UK Power Plant Tests Negative-Emission Carbon Capture

The Co2 captured could end up as drink fizz.

(Courtesy of the Drax Group)

Carbon capture is one of the brightest technologies that could stop global warming in its tracks. Now a UK power company is testing what it calls the world's first trial of a technique to capture biomass emissions.

The innovative bioenergy carbon capture and storage (BECCS) pilot is being run by the Drax Group at the company's largest power station in North Yorkshire, England that is fueled by 100 percent biomass (which is essentially organic waste material).

This is not the first negative emissions plant in the UK; that title belongs to a smaller project in Ireland that is run by Climeworks. The world's first negative emissions power plant is in Iceland and is run by Climeworks along with Carbfix and Reykjavik Energy.

The Drax model plant is using innovative technology that was developed by the UK startup C-Capture to capture a ton of Co2 a day during the trial period. C-Capture is a spin-off from the University of Leeds School of Chemistry. 

Drax engineers began commissioning the pilot plant in November 2018 with the first carbon captured using a proprietary solvent developed by C-Capture to isolate the carbon dioxide from the flue gases released when biomass is used to generate electrical power according to a company press release.

The data about Co2 capture from the pilot program will be analyzed to understand the technology's potential and how it can be scaled up to be used effectively. Drax invested £400,000 in the pilot, but if successful, this could be the first in many projects.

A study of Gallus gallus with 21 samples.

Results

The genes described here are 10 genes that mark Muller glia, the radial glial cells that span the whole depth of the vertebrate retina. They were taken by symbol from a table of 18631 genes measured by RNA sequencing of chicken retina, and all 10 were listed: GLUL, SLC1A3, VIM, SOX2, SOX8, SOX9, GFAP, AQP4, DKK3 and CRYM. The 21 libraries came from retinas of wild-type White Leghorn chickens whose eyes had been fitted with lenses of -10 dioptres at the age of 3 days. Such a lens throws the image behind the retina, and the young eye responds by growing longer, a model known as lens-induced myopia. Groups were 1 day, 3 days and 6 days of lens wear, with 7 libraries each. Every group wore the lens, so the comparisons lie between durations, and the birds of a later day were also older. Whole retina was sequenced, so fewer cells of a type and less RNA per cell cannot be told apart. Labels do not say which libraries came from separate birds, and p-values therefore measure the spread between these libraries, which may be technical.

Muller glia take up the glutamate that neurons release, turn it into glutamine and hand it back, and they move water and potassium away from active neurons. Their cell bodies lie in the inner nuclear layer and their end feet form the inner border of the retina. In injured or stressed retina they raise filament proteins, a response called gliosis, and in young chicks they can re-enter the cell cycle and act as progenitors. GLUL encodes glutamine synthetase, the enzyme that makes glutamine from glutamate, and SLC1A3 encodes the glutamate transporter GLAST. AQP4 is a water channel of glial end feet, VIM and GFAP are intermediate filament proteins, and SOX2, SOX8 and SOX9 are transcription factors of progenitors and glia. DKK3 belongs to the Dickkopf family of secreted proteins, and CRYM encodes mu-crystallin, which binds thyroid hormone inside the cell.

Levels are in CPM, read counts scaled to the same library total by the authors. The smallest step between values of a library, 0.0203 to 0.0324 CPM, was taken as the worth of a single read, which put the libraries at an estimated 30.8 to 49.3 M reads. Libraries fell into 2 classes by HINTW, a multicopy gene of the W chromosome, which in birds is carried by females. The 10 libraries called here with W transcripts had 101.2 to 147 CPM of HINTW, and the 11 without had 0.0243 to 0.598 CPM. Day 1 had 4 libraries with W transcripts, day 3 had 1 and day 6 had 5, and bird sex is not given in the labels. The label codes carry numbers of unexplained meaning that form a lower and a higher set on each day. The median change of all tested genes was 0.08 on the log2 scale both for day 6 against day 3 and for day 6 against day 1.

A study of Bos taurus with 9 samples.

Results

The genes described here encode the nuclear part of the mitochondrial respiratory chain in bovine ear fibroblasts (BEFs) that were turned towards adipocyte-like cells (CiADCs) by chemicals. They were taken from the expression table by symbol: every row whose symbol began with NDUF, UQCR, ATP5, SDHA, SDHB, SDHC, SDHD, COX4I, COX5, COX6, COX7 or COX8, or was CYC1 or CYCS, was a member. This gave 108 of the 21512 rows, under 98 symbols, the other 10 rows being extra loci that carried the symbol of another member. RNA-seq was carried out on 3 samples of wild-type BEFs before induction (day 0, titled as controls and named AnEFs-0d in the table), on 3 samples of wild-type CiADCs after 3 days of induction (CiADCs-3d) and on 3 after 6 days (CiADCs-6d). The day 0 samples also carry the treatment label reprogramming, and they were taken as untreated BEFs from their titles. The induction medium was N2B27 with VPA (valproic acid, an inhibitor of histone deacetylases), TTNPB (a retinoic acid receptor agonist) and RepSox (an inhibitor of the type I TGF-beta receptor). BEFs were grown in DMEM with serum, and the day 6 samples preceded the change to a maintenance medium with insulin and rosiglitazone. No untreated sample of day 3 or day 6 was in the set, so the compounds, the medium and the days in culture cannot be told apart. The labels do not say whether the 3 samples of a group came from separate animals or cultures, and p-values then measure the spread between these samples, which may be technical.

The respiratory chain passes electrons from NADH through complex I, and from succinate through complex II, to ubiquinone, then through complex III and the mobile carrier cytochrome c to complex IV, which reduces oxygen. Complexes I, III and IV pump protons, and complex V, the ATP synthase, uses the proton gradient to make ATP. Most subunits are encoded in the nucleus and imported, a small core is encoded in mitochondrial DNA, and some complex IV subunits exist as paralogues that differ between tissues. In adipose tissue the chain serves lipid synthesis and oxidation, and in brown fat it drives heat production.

"Proving that this innovative carbon capture technology works is an exciting development and another important milestone in our BECCS project. Climate change affects us all so this is of real significance – not just for us at Drax, but also for the UK and the rest of the world, said Drax Group CEO, Will Gardiner. 

“The successful deployment of BECCS requires us to identify ways in which the carbon dioxide we’re now capturing can be stored or used in other processes and we’re working with the government and other businesses on that,” Gardiner said. One potential use the captured Co2 is to keep drinks fizzy.

Drax operates six power plants in the UK that were burning coal but have now been converted to burn wood. The company made the changes to comply with the 2008 UK Climate Change Act that committed the country to greatly reduce its emissions by 2050.  

The government's Clean Growth Strategy identified BECCS as one of the greenhouse gas removal technologies that could remove emissions from the atmosphere and help achieve decarbonization. The Royal Society and the Royal Academy of Engineering estimated that BECCS could enable Drax to capture 50 million tons of carbon dioxide per year by 2050; approximately half the UK's emissions target.

Claire Perry, minister for energy and clean growth, said, "This innovative technology has the potential to make huge strides in our efforts to tackle climate change while kick-starting an entirely new cutting-edge industry in the UK."

The UK is doing well on its way to reaching its 2050 goal with an increase in renewables and carbon capture technology. This new technology could have an even bigger impact in helping countries around the globe achieve the 2017 UN climate goals.